Taking things out of context. We see this in the media. Words taken out of context — phrases taken from a talk, or from a book. We post quotes. We read snippets and headlines. Tweets and cute messages. But even though a quote conveys meaning, sometimes we use these words taken out of context to represent the whole story — which they are not.

The political and news media use “soundbites” to promote a certain perspective. It is so engrained in our society that we accept it as truth. I recall the Mitt Romney soundbites that never included the backstory or the whole story — you may remember hearing that he didn’t care about the poor. 

We do this with our religious readings too. Someone decided to put our scriptures into verses with numbers and thus we forget it is part of a story, a journal entry of sorts. Sure, it’s helpful for locating things, but then we may not be aware of the story line. And we may use the quote to fit our needs when the author had an entirely different meaning. It would probably be better to have the lines numbered off to the margin, like they do in poetry and Shakespeare so as not to distract from the story.

One of the reasons we need to read our scriptures and ancient texts in context is because the words as used by the author, may not have the same meaning to us today. We often think the words they used have the same meaning to us  — but we should readily see that this is not true. I am reminded of the movie, Back to the Future, when Marty uses the word “heavy” to describe something as incredulous and Doc Brown says, —”There’s that word again. “Heavy.” Why are things so heavy in the future? Is there a problem with the Earth’s gravitational pull?”

We have to be careful not to assign the same meaning to a word used in a different time. For Joseph Smith’s time, you can use the online Dictionary from 1828. But for more ancient texts, it is more difficult. You will have to see how the same author used the word throughout his entire text. That will give you some kind of a clue.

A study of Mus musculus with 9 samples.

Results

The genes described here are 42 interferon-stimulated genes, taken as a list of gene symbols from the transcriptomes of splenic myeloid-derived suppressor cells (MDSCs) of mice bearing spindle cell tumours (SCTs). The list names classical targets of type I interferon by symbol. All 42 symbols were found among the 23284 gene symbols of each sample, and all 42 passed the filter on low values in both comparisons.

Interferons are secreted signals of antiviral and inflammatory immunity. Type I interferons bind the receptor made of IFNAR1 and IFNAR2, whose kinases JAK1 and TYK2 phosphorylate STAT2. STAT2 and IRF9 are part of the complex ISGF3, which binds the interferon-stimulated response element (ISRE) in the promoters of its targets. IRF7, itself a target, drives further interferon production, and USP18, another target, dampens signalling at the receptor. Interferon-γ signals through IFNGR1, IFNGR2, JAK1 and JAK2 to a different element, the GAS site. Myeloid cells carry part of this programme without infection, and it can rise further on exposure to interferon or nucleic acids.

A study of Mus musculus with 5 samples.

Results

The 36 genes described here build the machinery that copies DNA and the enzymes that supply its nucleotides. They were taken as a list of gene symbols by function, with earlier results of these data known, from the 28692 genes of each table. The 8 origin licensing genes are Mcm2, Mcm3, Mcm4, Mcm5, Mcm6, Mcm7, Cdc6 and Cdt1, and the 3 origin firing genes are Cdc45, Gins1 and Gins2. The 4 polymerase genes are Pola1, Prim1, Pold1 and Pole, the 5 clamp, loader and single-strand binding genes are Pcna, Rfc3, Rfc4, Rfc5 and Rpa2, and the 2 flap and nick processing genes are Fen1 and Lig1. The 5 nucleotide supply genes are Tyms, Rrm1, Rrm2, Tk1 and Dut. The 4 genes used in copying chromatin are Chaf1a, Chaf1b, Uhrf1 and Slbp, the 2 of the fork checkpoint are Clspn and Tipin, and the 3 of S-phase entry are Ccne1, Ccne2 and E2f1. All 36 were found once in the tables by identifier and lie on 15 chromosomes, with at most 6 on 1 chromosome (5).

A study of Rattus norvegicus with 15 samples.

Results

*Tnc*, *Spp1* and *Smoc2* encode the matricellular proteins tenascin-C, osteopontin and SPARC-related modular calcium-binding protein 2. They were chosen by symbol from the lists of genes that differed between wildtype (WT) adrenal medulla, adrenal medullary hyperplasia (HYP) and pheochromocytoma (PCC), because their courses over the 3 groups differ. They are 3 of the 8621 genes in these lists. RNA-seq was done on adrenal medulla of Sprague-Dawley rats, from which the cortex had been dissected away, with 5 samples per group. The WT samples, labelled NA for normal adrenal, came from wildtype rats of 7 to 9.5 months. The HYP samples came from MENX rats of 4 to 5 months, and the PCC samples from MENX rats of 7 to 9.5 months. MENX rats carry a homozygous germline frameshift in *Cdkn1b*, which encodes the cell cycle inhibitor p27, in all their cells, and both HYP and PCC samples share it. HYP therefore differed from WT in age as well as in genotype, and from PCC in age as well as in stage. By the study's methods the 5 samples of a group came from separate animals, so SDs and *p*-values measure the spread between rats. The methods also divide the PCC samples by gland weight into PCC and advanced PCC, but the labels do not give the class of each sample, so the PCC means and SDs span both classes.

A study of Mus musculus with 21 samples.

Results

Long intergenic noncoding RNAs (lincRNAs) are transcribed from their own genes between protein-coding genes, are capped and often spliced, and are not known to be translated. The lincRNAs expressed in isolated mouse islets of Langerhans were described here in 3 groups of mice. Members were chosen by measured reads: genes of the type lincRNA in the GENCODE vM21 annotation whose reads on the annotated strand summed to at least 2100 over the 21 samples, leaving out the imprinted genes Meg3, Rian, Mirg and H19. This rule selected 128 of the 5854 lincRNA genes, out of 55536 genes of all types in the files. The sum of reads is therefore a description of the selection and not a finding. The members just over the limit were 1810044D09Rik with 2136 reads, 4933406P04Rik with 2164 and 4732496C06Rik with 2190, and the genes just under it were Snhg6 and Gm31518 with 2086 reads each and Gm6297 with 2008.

And thus you see the reason for not taking things out of context. We need to read the whole book or at least the whole story. It’s like a little detective work on your part — as if you were reading and deciphering someone’s journal to understand them better and what they are saying.

I think Alma the younger is often a little difficult to understand, for example when you read his words about denying the Holy Ghost:

For behold, if ye deny the Holy Ghost when it once has had place in you, and ye know that ye deny it, behold, this is a sin which is unpardonable (Alma 39:6)

Or when the apostle John writes,

In the beginning was the Word, and the Word was with God, and the Word was God. (John 1:1)

And what about this familiar story — If you didn’t know the story you might deduce that this girl was after gold and silver for the wrong reasons:

“Now that no one else was at home, she went to her mother’s grave beneath the hazel tree, and cried out:


Shake and quiver, little tree,
Throw gold and silver down to me.


[STOP. Let’s take that out of context. Let’s not read the rest. And I will use this to support my idea that this girl is obviously not mourning her mother’s death, and obviously is only about money and gain!]


Then the bird threw a gold and silver dress down to her, and slippers embroidered with silk and silver. She quickly put on the dress and went to the festival.”

(Cinderella by Brothers Grimm)


[Hmmm… this girl needed the gold and silver…]

I think it is a good idea to read the scriptures as a book — skip the headings, read it as it was originally intended. I don’t want anyone going over my journal and making headings for their interpretations — you know what I mean. Penguin Classics has The Book of Mormon as a book — like Joseph transcribed it and printed it. Try that. And take a look at the word “marvelous” — it seems to mean something other than how we use it today.